Quick tips for traveling with petsLifestyle
Tara Ross has always loved dogs, and has always had one or two fur babies by her side. But her eight-year-old Russel terrier mix, Sadie, has earned a special place in Ross’ heart since her four daughters grew up and left home.
“Empty nesting was really hard on me,” Ross says. “After more than 20 years of having my girls around every day, not having them here was really rough. I know this is a common occurrence, but Sadie has really helped me get through it. When I get home from work, the last thing I want to do is leave Sadie. So that really flavors how my husband and I live and where we go, even travel.”
So unless they’re going on a cruise or traveling by plane, Ross and her husband build their vacations around what Sadie can and can’t do. If you’re like Ross and can’t bear to part with your furry best friend when you travel, here are a few tips for successful travel with pets — or successfully leaving them at home:
- Don’t forget ID.
Make sure your pet has a microchip for identification, and wears a collar and tag labeled with your name, cellphone number and other relevant contact information. Consider a temporary tag with contact info specific to your travel, and bring along vaccination records.
- Be mindful of air travel rules.
Although rules vary by airline, most airlines allow dogs, cats or household birds of up to 17 pounds to ride in a carrier under your seat for an extra charge of around $100 each way. Again, rules vary, but many airlines allow pets over 17 pounds to travel in a crate in the cargo hold for a wide range of fees of anywhere from $50 to $800. If you want to fly with your pet, call the airline to learn their rules and book the flight for you and your pet.
- Prepare for road trips.
Ross’ dog travels in the car’s back seat either in a special dog car seat or wearing a harness attached to a seat buckle. In addition to keeping Sadie safe, the dog seat gives her a boost to enjoy the view out the window. Her car kit includes food, water, a collapsible water bowl, a leash (never let your dog off leash when traveling), waste bags, a couple of her favorite toys and treats.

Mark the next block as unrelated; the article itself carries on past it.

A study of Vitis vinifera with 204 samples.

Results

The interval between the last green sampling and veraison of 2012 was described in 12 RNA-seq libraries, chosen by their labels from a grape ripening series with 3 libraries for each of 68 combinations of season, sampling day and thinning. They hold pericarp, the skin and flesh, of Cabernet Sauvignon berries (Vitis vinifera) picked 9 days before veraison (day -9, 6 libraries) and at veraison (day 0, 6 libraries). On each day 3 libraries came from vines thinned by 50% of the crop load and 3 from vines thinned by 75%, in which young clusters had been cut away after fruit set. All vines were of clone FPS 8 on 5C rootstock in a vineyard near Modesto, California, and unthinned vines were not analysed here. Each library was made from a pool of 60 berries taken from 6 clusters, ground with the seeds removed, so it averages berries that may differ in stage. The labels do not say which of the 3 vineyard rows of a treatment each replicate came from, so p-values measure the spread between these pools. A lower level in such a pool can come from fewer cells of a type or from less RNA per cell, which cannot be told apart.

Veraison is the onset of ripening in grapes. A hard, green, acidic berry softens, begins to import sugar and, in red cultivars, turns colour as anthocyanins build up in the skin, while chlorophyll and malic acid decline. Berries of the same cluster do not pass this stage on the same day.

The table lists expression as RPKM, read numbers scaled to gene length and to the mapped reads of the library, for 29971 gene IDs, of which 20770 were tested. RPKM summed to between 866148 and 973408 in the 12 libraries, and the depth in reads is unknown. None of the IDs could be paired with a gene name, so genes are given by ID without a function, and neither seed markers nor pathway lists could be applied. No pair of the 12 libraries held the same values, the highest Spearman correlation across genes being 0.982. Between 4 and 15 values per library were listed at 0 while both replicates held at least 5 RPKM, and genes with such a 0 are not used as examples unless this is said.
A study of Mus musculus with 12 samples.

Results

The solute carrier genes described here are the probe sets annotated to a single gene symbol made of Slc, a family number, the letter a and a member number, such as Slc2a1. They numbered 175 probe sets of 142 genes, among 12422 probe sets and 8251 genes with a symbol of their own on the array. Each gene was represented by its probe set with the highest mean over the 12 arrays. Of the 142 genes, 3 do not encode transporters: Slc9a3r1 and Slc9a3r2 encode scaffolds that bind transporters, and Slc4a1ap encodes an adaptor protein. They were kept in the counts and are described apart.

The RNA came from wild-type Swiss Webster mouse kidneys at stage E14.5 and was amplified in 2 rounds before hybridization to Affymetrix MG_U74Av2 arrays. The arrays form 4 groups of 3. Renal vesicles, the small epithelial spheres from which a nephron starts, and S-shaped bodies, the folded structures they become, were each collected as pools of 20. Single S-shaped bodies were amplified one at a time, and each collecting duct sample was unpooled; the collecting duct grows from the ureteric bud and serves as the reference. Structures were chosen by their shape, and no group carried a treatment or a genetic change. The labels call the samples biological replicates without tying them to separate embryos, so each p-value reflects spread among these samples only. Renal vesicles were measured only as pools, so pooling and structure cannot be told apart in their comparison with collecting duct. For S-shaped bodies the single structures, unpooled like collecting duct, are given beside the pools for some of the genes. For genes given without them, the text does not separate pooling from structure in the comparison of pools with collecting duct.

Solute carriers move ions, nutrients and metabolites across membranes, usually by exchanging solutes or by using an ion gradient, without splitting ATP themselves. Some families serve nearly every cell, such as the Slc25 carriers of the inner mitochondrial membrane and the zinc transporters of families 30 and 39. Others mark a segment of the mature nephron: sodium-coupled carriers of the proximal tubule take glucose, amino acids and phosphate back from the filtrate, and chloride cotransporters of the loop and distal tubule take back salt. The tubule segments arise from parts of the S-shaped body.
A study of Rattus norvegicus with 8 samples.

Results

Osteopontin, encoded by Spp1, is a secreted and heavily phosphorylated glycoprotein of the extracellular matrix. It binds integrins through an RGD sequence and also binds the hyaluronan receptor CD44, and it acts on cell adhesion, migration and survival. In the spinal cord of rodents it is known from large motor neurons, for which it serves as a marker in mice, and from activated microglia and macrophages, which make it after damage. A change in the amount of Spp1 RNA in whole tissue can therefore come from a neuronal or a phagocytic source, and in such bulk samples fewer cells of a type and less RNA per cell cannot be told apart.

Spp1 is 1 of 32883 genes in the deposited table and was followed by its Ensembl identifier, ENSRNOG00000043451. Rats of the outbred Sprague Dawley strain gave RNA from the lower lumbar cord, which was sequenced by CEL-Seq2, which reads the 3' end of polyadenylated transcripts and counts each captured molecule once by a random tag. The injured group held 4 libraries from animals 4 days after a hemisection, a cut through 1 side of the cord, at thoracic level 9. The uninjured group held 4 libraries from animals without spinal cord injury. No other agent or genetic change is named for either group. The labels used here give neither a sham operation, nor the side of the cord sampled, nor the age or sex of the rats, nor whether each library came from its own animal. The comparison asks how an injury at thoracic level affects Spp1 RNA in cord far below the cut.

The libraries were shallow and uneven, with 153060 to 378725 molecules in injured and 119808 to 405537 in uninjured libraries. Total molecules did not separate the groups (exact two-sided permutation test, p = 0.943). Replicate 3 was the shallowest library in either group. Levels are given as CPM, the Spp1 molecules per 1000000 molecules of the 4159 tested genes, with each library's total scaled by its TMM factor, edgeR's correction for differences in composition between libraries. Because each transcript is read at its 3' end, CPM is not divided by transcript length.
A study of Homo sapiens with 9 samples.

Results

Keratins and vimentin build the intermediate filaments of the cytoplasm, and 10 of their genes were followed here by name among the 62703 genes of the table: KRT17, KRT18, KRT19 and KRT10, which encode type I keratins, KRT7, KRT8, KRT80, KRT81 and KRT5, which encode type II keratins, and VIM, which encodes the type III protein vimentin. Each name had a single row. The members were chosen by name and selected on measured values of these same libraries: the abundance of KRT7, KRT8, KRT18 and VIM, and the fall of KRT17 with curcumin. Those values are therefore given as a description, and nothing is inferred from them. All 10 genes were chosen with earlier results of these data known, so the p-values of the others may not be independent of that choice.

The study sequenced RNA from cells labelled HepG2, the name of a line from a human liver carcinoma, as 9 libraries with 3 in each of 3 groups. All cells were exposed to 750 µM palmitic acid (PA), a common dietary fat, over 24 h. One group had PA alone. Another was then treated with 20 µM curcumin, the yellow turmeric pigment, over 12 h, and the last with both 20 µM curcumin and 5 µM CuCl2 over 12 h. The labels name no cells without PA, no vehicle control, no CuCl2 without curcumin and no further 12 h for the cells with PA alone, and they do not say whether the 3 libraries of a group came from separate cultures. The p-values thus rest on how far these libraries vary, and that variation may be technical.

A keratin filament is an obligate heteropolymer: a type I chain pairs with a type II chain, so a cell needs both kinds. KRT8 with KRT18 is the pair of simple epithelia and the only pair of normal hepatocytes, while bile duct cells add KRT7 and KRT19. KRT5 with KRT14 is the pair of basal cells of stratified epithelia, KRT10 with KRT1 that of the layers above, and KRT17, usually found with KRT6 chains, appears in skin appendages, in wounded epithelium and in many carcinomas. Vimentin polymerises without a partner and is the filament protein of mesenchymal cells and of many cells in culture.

As it’s generally not safe to leave pets alone in a parked car, it’s best to have at least two humans along for the ride, so one can stay with your pet while the other uses the restroom or gets food to go. Be sure to take frequent breaks to allow pets to stretch their legs and do their business, and always offer water.
- Seek out pet-friendly lodging.
About 75 percent of American hotel chains allow dogs. A smaller percentage also allow cats. When hotels do allow pets, there’s often a weight limit, a limit of either one or two pets and an extra fee.
For vacation rentals, you can generally narrow your search results for pet-friendliness on websites like AirBnB. Ross prefers vacation rentals over hotels when traveling with Sadie.
“There are fewer mystery noises so she can better relax, we have a refrigerator to store her food and we don’t have to worry about her occasional bark,” she says. “It’s usually easier to take her out if she needs to go in the middle of the night and I don’t have to take an elevator downstairs and return through a secured door.”
- Search for pet-friendly restaurants.
Ross doesn’t like to leave Sadie alone in a hotel or vacation rental. Since pets aren’t allowed in restaurants, Ross and her husband either switch off picking up meals to-go to eat in the room or else they seek out dog-friendly restaurant patios — and they find that dogs are more welcome on patios in some areas of the country than others.
- Know your pet.
“Sadie loves to travel, and really just loves being with me wherever I go,” Ross says. “I believe her life has been deeply enriched by travel, the new experiences and smells bond her more to us, make her happy and stimulate her brain. But our other dog, Benny, is more anxious in the car and not a good traveler so we leave him home with a dog sitter.”
- When leaving your pet at home, get creative.
While some dogs enjoy the stimulation of staying with other dogs at a kennel, for other dogs the experience is stressful. Consider hiring a friend who your pet knows to come 3-4 times per day to walk or play and feed. Perhaps a family member can stay with your pet. Just remember to leave detailed instructions to keep your pet’s routine consistent and include your contact information if something comes up and they have questions.
Keep these tips in mind to help alleviate some of the stress from traveling with or without your pet. Also, be sure to speak with your financial professional to make sure the traveling you want to do is part of your retirement savings strategy.